Why I maintain my private changes to upstream projects via rebasing
I recently wrote an entry on VCS history versus large open source development, where I argued that mostly requiring contributors to rebase their changes was a sensible approach there. Recently this came up on Twitter and I said also that I used rebasing for carrying private changes on top of upstream projects. So let's talk about that.
If you carry private changes for an upstream repository, you have
three broad approaches. First, you can maintain your changes outside
of the VCS and "rebase" them when pulling upstream updates. Second, you can commit your changes
into the VCS and merge whenever you pull updates from upstream.
Third, you can commit your changes into the VCS and use '
rebase' or the equivalent when pulling updates to rebase your
local changes within the VCS.
Maintaining your changes outside of the VCS has various pain points, especially if you're maintaining multiple changes that you want to keep separate from each other. I've worked this way in the past and after trying both ways, I find that committing my changes is better when I can do it, especially when I have multiple separate changes. Sure, I could use quilt to maintain a patch series, but that's essentially using a VCS on top of another VCS and I'd rather use only one.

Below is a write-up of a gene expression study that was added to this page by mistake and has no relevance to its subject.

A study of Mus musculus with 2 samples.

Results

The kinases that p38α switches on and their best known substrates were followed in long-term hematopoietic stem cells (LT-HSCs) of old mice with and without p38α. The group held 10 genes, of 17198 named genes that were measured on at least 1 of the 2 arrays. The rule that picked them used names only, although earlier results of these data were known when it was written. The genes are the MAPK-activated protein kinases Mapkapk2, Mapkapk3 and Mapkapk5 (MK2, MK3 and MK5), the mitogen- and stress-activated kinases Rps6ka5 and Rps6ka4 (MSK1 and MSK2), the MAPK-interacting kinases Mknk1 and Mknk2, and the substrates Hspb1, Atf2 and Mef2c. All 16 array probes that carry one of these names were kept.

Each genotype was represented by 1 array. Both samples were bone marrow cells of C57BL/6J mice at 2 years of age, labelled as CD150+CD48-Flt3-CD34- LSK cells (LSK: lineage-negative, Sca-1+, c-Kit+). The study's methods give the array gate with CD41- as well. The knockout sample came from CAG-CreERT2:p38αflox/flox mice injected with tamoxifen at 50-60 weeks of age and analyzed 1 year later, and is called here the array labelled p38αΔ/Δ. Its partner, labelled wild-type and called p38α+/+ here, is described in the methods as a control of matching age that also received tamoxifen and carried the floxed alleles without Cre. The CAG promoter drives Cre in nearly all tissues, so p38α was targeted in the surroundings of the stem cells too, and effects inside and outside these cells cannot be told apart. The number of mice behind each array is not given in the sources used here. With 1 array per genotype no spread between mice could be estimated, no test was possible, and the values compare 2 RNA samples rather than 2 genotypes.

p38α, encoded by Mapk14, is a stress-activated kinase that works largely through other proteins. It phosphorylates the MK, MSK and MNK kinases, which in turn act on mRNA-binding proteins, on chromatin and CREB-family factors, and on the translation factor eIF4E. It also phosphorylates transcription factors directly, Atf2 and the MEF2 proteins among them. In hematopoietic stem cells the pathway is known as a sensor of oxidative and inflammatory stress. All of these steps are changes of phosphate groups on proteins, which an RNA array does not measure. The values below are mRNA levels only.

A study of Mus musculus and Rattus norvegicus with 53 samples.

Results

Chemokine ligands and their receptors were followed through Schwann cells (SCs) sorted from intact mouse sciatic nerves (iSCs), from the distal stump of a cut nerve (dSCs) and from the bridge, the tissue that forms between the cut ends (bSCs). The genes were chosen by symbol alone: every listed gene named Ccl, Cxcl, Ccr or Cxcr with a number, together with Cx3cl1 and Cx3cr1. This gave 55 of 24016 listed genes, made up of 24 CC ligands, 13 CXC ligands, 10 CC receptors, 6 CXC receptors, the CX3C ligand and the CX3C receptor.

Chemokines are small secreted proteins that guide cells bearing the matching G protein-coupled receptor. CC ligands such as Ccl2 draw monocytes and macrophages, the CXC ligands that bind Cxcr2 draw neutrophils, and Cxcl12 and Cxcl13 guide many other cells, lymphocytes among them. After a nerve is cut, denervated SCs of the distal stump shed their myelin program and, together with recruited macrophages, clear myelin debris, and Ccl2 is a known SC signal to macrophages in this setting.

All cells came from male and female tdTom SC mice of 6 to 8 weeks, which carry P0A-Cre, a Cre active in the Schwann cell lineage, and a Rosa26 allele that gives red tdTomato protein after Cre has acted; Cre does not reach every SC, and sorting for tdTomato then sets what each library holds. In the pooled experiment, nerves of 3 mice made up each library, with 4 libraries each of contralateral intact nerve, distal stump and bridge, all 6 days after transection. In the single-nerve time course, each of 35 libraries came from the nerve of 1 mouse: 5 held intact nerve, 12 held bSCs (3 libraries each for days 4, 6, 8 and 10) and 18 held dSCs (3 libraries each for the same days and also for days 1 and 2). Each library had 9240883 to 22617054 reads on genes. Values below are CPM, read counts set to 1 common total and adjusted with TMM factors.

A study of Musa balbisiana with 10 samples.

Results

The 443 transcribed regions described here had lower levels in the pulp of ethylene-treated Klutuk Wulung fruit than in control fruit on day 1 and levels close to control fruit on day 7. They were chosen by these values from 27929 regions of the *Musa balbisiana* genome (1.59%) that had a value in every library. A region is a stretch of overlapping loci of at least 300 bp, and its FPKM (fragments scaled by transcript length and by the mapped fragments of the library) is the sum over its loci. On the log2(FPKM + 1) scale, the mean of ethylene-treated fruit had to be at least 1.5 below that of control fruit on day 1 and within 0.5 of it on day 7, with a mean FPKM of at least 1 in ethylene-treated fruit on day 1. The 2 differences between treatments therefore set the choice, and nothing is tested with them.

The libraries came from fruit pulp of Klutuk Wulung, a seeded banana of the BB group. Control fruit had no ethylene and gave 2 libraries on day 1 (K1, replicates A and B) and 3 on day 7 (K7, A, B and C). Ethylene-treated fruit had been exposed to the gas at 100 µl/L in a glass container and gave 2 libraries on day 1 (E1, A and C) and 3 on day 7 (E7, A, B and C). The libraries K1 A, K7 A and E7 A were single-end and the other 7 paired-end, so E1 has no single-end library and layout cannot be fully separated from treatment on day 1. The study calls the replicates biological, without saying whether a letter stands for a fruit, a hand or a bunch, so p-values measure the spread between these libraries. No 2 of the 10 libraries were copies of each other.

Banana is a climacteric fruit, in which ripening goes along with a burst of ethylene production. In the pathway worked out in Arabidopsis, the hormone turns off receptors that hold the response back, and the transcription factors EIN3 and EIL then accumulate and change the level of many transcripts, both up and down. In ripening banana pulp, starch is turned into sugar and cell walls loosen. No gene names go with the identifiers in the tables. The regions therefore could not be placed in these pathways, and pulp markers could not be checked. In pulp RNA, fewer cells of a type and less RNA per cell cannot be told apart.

(In practice, I just don't bother to keep the changes separate because it's too much work. I count on my fallible memory to keep straight what I've done and what code change is part of what modification.)
Combining your changes and upstream's changes through VCS merges has the primary downside that your local repository history gets increasingly messy. Every time you pull, you get an extra merge, and these merges persist forever. If you want to use the VCS's commit history to look at the upstream development, you need to carefully prune out these merges and all of your side excursions off of them.
Rebasing in your VCS avoids both sets of pain points. The VCS history remains clean, you get to use the VCS to manage your own changes, and you can often capture a better history of your changes (if you care) than you can when you maintain them outside of the VCS through means like adding a local tag for your post-rebase state after every pull.